Tuesday, October 05, 2010

Cornering the Market on Bullies

A few days ago on this blog I expressed my heartache and outrage regarding the events surrounding the death of Tyler Clementi – the young Rutgers student tortured by the uncertainty of his own sexuality and the despicable antics of his roommate that resulted in Tyler’s decision to take his own life. A sadder and more horrific story I have not heard in many years.
In the aftermath of that incident the media and other individuals have seen fit to focus on the act of ‘bullying’ specifically as it relates to the gay community – as if this were the only group of citizens ever impacted by the harsh acts of bullies. This may be understandable on the heels of this nightmare but it is also very narrow reporting. An adolescent child perceived to be gay (for whatever twisted reasons) by the self-appointed truth squad in any school or neighborhood is a prime target for bullying – no doubt. But it is shortsighted and misguided to suggest that a young person in such a circumstance – isolated and fearful as he or she may be – should serve as the poster child for an effort to thwart bullying.
Bullying did not begin with a young man’s sad and desperate leap from The George Washington Bridge. Bullying is old as Time. Cain and Abel come to mind. (Did you note that little rhyme?) In my lifetime – especially as I recall my own childhood and, years later, the lives of my own children – I have witnessed bullies wreaking merciless havoc on a wide array of innocent targets and few, if any of those targets, were gay. During my formative and adolescent years – from roughly 1957-1967 – I saw some of my classmates and playground chums bullied because they were fat, stupid, didn’t or couldn’t play sports, had braces, wore hand-me-down clothes, donned thick glasses, played violin, peed in their pants once-a-week in class, picked their nose, dad was a loud drunk, family couldn’t afford lunch money, held back in school, Jewish, first generation immigrants, lived in the projects, carried a Bible to school, couldn’t ride a bike, had bad acne, just moved to town, really smart, had polio, etc. A few times during those years I jumped in the middle of these dark episodes of isolation and tried to make the bullies stop. But more often than not my friends and I would stare in amazement at the brutality and pain perpetrated upon the innocents. We would watch as the victims ran home, tears streaming down terrified faces, blood trickling from a cut lip, books scattered on a sidewalk, cries of ‘Mommy help’ rising in the air and sinister laughs emanating like Satan’s cackle from a group of little pricks who had just filled the roles of judge, jury and executioner.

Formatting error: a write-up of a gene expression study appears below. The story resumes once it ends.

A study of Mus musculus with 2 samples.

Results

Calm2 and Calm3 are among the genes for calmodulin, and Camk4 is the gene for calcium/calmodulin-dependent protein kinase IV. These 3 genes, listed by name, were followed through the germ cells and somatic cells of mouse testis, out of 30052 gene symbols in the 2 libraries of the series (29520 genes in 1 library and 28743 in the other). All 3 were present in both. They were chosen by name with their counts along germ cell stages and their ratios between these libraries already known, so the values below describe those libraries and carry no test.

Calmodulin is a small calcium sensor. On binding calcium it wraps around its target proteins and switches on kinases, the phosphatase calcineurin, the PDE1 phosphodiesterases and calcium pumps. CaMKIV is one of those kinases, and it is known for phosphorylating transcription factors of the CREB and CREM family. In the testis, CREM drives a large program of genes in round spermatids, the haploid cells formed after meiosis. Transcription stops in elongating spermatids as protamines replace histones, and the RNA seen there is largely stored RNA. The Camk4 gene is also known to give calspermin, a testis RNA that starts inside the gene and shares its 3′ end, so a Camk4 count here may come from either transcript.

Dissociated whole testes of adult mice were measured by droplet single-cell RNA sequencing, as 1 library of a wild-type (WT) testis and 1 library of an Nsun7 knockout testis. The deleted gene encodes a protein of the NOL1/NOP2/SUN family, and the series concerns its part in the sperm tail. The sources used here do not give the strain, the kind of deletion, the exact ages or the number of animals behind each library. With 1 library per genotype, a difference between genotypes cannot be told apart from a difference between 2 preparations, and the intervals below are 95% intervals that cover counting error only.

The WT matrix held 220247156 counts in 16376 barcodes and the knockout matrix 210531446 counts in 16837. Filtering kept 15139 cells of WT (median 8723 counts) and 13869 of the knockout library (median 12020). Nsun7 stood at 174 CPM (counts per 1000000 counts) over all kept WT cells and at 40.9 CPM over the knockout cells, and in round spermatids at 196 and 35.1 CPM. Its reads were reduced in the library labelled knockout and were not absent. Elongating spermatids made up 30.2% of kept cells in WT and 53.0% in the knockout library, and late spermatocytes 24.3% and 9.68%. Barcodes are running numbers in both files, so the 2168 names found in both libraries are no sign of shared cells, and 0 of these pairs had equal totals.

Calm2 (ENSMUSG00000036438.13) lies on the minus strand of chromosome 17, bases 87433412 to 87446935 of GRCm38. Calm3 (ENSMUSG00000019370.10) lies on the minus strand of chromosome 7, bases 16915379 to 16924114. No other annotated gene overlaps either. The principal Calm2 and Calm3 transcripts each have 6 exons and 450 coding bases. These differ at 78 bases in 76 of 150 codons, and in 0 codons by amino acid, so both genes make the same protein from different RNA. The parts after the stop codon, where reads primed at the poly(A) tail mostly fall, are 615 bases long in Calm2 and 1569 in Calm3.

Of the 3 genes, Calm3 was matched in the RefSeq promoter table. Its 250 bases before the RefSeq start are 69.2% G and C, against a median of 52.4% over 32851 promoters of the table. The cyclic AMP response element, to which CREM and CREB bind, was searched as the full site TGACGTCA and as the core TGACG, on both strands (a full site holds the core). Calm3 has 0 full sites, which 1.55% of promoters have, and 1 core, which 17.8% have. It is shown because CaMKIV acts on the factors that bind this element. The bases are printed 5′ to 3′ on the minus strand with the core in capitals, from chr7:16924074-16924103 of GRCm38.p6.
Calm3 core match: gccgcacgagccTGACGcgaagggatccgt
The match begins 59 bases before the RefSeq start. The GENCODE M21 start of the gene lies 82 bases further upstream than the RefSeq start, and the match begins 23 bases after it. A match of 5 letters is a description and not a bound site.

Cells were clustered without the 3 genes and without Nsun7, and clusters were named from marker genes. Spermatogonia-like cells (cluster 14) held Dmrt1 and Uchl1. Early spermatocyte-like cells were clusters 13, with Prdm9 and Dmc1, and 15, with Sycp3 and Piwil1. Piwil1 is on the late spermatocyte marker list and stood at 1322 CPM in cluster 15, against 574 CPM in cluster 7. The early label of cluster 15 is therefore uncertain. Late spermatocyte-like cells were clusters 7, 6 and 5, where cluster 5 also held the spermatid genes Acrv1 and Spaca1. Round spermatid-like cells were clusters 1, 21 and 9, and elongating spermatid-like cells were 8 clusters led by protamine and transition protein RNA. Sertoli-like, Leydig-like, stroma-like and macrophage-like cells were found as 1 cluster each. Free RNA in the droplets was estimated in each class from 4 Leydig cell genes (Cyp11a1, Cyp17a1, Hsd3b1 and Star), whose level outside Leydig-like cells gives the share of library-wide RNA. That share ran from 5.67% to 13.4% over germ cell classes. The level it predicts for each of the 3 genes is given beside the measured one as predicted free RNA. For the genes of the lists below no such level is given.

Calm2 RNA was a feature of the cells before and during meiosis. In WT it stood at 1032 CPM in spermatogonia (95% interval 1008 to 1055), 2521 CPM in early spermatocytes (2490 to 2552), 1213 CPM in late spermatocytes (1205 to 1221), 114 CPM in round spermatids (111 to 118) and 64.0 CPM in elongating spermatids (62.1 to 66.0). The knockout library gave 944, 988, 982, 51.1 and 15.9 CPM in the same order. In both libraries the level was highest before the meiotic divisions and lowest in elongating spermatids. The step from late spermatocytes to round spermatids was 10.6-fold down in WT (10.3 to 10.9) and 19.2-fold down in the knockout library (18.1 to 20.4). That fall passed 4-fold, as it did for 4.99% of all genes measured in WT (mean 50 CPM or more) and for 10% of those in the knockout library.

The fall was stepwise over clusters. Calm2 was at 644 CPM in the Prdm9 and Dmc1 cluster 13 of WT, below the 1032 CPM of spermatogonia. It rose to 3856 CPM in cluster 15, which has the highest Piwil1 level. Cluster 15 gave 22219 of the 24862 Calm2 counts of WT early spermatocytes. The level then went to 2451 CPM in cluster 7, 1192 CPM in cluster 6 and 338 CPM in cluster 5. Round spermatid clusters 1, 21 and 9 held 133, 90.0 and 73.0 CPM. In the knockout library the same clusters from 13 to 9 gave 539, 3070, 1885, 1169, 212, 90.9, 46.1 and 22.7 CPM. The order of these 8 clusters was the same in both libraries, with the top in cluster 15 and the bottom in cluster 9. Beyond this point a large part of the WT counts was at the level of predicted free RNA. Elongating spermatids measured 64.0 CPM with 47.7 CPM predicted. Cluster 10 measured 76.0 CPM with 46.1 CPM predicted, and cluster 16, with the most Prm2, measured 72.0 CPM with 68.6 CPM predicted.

As an adult I have witnessed that bullying is more refined and private. Much of it happens behind closed doors in office settings and boardrooms. The power hungry abuse their authority by belittling underling employees, berating the weaker co-worker and manipulating situations to cover their own sorry ass while placing blame on the innocent. The cut lips and scattered books may not be present but the tears, silent cries for help and humiliation remain.
We are the hollow men – and women. There is something very crooked in our collective soul that manifests itself in the act of bullying. No, we cannot stand by and allow it to continue; no, we can no longer be fearful of the threat. We must disarm the bullies whether their target is a chubby little girl, a limping immigrant or a young man desperately trying to figure himself out in college dorm room. ‘Mommy help!’